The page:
Season 2 of ABC’s “For Life” will incorporate the Black Lives Matter protests that swept the country following the death of George Floyd earlier this summer, showrunner Hank Steinberg said in a call with reporters to discuss the new season.
“I think for all of us, the events of this summer really pushed the content of our show even more into the zeitgeist,” Steinberg said. “And now we’re going to find a way to integrate Aaron Wallace into the reality of events that happened over the summer and have his journey segway into what’s happening in the real world.”
Season 1 of the drama followed the wrongfully convicted prisoner-turned-litigator Aaron Wallace (played by Nicholas Pinnock) as he fought for his own freedom. Season 2, which premieres Wednesday, will continue to tackle relevant social issues, including the COVID-19 pandemic and the renewed protest movements fighting police brutality and racial injustice.
“That’s really exciting, challenging, daunting,” Steinberg said. “And we feel like we have a lot of responsibility but we also have a huge opportunity.”
But in the eyes of executive producer Curtis “50 Cent” Jackson, the way “For Life” depicts the realities and injustices of the U.S. criminal justice system would be relevant no matter when the show aired. The fact that technology and social media has made racism more public and observable does not change the fact that it’s been a deep-rooted fact of American society since the country’s founding.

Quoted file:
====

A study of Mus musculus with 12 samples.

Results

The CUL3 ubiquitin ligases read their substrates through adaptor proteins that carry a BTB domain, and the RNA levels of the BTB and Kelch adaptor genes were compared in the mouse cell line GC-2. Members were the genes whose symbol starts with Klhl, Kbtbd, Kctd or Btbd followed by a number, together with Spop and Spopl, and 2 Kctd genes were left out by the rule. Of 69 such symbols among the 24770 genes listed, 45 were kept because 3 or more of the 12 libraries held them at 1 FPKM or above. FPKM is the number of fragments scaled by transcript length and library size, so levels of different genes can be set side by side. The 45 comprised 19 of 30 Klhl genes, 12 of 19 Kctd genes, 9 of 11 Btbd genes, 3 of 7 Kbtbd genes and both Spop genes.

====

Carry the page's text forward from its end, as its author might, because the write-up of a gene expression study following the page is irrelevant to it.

“I think the show speaks so loudly to the things that are going on,” Jackson said. “[But] this would’ve been an amazing project if I brought it to you three years earlier. If it took me three more years to get it on, they would be saying I’m a genius. … You see the George Floyd situation happening here in America and you see protests in London, it proves that it’s a world issue. It’s not just a local thing that’s taking place, how it’s affecting people and how they’re responding to it.”
“It feels veery much like these problems, this discrimination that’s been going on since forever .. for once, people are actually hearing it,” added Indira Varma, who plays the prison warden Safiya Masry on the series. “We are hearing those people who have never been given a voice before. And I think what’s great about this show coming out at this time, we’re hearing the voices of people who are not always heard.”
Isaac Wright Jr., the man whose life provided the basis for the story, noted that when he was fighting against the system for his own freedom thirty years ago, he was combating many of the same issues, just to a greater and more overt degree.
“This happened in the ’90s, and there was no social media. They were annihilating minorities and the poor with impunity,” he said. “I think that’s an incredible aspect of the show that you can reflect on. If that’s going on today, what the hell was it really like when [Aaron] first went to jail?”
“For Life” airs Wednesdays at 10/9c on ABC.